Hi Hugh,
 
My view on secondary analysis, including ex-post identification of a new independent variable or redefinition/recategorization of an existing variable, is OK – in fact sometimes necessary – as long as it is clearly specified as such and done as transparently as possible.

Sometimes new information, not anything regarding the effect sizes and their p-values but rather substantive new insights, can lead to such secondary analysis, the results of which may be worse left out than presented. For the funding agency in this case, while I don’t know the specifics, it is clear that they have been waiting to find out the about the results of this review – presumably with the intent to apply some lessons from it (hopefully carefully and judiciously) to cash transfer programs that they may be supporting in Asia and the Pacific. Presenting pooled effect sizes using a binary categorization of such programs that we know now to be noisy and at best a poor representation of reality could be a waste of their money and potentially lead to future programs with inferior designs. On the other hand, uncovering a strong moderator of the effects of cash transfer programs, which the designer can realistically manipulate, may turn out to be a bargain for the same funder. Again, however, the caveat about full disclosure and the need for a theoretical or empirical grounding for the ex-post analysis, applies.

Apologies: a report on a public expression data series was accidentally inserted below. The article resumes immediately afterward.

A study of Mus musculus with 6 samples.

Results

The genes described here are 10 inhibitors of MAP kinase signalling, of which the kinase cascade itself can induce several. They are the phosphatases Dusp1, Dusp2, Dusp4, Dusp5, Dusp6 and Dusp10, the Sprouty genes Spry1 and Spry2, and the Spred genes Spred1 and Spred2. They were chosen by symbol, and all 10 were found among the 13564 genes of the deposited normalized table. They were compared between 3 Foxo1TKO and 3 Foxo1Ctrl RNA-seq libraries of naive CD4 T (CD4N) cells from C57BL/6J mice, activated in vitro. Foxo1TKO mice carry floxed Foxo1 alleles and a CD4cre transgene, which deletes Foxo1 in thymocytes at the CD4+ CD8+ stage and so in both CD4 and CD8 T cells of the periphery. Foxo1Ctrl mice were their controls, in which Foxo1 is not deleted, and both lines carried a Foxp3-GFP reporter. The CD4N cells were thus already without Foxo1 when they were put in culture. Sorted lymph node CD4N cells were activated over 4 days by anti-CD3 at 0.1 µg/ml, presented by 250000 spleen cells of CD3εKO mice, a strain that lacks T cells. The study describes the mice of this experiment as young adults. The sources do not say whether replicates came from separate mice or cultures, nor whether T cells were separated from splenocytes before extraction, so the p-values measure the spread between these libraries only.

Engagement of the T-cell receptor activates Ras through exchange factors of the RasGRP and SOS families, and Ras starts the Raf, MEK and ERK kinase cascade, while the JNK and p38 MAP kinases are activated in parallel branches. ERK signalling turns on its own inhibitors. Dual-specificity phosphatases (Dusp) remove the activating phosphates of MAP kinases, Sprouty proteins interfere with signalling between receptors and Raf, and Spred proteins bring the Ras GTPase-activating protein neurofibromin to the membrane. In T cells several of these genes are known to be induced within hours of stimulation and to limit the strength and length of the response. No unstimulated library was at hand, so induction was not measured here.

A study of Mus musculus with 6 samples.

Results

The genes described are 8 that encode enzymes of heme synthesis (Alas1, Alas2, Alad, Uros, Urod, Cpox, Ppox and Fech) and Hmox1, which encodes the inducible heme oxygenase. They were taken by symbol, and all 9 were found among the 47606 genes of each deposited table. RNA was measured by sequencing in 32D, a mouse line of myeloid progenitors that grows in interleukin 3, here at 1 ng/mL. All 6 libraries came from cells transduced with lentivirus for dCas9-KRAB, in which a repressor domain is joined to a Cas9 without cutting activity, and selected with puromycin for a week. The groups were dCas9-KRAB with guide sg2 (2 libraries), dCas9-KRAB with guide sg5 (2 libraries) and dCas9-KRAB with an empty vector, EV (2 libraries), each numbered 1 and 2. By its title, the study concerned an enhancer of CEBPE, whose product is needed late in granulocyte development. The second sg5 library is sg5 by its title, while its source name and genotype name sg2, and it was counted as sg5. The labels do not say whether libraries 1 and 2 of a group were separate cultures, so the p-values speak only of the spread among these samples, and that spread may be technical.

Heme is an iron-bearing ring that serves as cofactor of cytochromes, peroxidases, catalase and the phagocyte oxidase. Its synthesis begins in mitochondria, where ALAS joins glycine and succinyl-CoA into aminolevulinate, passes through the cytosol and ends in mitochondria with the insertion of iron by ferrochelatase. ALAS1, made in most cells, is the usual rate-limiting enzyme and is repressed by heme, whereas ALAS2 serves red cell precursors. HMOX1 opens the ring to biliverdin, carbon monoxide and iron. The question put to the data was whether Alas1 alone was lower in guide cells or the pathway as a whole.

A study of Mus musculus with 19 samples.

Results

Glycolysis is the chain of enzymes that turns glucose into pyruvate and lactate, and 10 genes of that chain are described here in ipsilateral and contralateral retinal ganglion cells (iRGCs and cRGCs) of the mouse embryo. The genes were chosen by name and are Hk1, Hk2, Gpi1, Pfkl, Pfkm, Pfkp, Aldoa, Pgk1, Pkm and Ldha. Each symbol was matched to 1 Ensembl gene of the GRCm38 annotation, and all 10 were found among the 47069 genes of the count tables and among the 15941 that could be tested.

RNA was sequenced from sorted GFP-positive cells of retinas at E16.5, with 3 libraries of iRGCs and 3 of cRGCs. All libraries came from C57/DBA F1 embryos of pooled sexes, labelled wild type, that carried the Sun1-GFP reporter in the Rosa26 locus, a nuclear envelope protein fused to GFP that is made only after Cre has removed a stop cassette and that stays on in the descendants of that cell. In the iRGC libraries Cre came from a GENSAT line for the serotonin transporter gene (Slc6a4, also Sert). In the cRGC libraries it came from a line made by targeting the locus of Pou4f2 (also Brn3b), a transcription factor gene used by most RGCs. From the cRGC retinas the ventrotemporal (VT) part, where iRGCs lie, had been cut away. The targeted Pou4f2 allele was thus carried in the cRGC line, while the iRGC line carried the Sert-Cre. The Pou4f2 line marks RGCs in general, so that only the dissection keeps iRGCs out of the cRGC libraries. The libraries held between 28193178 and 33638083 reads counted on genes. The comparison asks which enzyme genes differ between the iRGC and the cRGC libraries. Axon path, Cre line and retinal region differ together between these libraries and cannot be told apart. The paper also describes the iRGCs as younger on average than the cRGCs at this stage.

This has implications for the final version of the systematic review that becomes published – at least in my humble opinion. First, in the section titled ‘Differences between the protocol and the review,’ there would be a full disclosure of the redefinition of the moderator variable concerning the ‘degree of monitoring.’ Second, in the section reporting the findings, EITHER the results based on the original plan could be presented first, followed by a clearly demarcated section that presents the secondary analysis, OR when a result is presented based on analysis that deviates from the original protocol, it can be clearly marked as such. We’d be happy to do all of these and will likely look for guidance from the CC’s Methods Editors.

One more point: in this particular case, we have tried only one other variable instead of the binary CCT/UCT variable. The coefficient estimate for the moderator variable has a p-value of 0.01. I am not familiar with multiple inference corrections that apply to random effects models in meta-analysis, but it seems to me that the coefficient estimate would still be statistically significant at the 95% level if we adopted a correction for the fact that we examined two moderators rather than one.

On test scores, I would not hold my breath if I were you. In the end, only a small number of studies reporting impacts on test scores were eligible for our review and the preliminary finding is that the effect sizes are very small and mostly insignificant. The pooled effect for all cash transfer programs is 0.06 standard deviation improvement for children in households offered cash transfers of some type (95% CI 0.01-0.12).